FRESNO, Calif. (KSEE/KGPE) – The City of Fresno is looking to make the first steps on a major crackdown on what officials called an “epidemic” of red light runners, speeders, and distracted drivers.

20 people involved in traffic collisions have been killed so far in 2023 in the city.

On Thursday, Fresno City Council voted to approve a traffic study at certain intersections, to help find solutions to the deadly problem. It includes a study over the next 75 days before recommendations would be made for the 10 most dangerous intersections in the city. Recommendations could include red light cameras, pedestrian stop lights and radar speed limit signs.

“People have a right to feel safe on our roads. To be safe on our roads. And it’s our responsibility as city council members, and the mayor, and the police department, to make sure we do our part to keep people safe,” said Fresno City Councilmember of District 2, Mike Karbassi.

Karbassi and Fresno City Council Vice President Annalisa Perea, alongside Fresno Police Chief Paco Balderrama and city manager Georgeanne White, announced the study on Wednesday.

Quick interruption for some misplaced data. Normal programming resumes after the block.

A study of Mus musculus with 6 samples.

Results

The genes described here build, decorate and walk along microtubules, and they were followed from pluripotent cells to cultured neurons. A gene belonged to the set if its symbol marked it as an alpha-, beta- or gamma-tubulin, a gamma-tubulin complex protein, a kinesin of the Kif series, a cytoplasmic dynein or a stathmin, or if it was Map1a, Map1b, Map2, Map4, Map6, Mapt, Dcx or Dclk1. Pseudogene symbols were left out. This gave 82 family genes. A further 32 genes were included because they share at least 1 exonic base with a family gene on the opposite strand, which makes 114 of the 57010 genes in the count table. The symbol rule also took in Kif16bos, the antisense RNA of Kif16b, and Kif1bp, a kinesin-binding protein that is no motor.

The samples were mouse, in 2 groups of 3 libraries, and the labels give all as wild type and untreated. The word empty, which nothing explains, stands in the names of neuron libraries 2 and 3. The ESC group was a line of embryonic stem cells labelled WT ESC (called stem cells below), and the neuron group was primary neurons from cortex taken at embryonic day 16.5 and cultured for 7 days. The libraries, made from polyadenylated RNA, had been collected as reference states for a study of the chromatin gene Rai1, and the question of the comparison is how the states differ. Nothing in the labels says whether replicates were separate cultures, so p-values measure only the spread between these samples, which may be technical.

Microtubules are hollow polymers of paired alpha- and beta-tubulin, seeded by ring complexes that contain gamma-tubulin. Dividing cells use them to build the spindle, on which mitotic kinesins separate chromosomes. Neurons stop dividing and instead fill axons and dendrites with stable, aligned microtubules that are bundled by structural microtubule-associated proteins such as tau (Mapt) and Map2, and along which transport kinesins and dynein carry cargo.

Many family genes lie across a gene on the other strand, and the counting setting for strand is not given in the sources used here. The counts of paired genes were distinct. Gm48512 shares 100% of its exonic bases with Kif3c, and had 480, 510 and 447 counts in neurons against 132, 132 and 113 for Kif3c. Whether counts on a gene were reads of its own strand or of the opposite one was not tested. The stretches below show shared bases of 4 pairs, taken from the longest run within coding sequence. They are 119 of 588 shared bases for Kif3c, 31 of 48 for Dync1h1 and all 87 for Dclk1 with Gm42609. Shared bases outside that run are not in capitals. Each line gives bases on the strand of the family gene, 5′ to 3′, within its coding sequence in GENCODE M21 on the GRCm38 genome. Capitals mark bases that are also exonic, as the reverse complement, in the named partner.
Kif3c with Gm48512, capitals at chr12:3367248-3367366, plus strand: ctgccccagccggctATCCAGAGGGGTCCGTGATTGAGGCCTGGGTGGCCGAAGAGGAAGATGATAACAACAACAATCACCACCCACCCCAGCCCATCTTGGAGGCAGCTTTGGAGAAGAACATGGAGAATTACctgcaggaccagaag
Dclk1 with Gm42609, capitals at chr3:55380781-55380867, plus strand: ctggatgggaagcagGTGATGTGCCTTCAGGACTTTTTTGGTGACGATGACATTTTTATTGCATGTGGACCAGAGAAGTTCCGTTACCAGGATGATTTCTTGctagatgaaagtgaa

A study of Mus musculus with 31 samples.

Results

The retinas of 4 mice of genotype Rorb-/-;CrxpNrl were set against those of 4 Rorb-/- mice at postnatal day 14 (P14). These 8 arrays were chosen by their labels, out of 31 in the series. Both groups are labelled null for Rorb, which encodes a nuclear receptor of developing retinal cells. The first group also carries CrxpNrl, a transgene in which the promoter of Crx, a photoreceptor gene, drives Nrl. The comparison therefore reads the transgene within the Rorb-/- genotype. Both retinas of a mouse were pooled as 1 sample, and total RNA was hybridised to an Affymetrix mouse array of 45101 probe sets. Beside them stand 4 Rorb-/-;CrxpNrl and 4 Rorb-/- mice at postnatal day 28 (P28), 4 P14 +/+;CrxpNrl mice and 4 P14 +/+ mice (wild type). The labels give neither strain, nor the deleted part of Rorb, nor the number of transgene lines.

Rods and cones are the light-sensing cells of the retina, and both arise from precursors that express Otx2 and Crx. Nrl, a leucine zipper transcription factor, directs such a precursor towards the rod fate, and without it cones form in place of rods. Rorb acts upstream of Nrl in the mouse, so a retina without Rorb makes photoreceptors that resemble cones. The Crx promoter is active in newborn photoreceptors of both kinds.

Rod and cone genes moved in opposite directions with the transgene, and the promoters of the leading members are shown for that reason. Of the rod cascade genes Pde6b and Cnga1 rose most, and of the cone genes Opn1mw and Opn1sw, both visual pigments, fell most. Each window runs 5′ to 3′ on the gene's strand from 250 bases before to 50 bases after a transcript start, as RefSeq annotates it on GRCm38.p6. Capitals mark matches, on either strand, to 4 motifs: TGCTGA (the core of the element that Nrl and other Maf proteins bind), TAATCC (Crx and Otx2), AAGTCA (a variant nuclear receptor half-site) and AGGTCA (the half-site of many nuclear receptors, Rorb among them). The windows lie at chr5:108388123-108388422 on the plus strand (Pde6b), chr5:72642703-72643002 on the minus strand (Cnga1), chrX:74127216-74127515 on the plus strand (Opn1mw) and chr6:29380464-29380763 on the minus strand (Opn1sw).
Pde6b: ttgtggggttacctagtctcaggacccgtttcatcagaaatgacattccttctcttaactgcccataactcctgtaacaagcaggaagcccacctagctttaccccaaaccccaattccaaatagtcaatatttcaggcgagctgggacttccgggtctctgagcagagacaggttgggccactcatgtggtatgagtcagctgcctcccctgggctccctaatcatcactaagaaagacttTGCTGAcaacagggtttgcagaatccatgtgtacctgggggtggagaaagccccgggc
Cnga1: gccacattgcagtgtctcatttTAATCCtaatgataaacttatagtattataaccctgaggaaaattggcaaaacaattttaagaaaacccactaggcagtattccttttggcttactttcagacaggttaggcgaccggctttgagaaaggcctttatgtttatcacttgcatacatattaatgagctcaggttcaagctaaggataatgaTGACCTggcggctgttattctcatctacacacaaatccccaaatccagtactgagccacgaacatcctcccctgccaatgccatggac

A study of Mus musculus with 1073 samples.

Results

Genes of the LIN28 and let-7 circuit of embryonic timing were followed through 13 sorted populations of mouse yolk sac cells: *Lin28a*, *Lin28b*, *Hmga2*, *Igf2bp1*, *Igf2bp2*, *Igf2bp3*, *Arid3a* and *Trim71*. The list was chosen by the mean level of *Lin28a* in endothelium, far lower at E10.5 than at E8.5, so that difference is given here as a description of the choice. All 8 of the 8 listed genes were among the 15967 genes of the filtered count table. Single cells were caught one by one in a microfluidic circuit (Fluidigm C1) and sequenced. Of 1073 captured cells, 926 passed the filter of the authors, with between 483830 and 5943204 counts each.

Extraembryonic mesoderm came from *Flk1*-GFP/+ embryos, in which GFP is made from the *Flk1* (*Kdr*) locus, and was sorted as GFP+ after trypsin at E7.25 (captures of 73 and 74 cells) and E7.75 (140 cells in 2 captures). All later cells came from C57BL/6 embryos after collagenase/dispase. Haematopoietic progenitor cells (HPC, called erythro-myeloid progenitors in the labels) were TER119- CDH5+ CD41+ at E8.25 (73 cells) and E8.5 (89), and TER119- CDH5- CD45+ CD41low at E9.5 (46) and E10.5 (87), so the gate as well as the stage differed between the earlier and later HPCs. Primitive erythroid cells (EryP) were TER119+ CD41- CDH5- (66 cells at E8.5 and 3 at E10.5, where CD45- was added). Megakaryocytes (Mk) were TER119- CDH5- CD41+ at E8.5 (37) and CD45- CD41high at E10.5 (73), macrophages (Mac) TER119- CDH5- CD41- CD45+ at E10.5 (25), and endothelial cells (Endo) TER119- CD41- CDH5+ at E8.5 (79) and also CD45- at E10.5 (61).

“Tomorrow we’re introducing a bill to the city council, to start a very quick assessment, within 75 days to come back identifying the top ten intersections where our drivers, and pedestrians, and bicyclists are most at risk,” said Karbassi.

“It’s also to recommend traffic safety improvements which does include a little bit of everything,” said Fresno City Council Vice President Annalisa Perea, who represents District 1.

Both Perea and Karbassi say those recommendations could be adding things like radar signs, updated pedestrian stop lights, and red light cameras.

“So far this year, there’s 20 who have died on our streets because somebody wasn’t paying attention, somebody was under the influence of some type of intoxicant, or something was distracting,” said Fresno Police Chief Paco Balderrama.

The announcement was held on the corner of Audubon Drive and Del Mar Avenue. Karbassi says the intersection will get a traffic light and three crosswalks, aimed at slowing drivers in the area after resident complaints.

It’s also just over a mile away from where a tow-truck driver drove ran through a red light, and hit and killed 22-year-old Amaya Chenot, at the intersection of Friant Road and Shepherd Avenue on April 12.

61-year-old Paul Moore was killed under a mile away near the intersection of Friant Audubon after he was hit by a driver as he rode his bicycle in January of 2022.

Between 2017 and 2022, 20,639 collisions happened in Fresno. In those collisions, 310 people were killed, and another 9,012 were injured.

In addition to the proposed study, Chief Balderrama said his street racing team is now fully staffed; another tool in the arsenal aimed at creating safer streets in Fresno.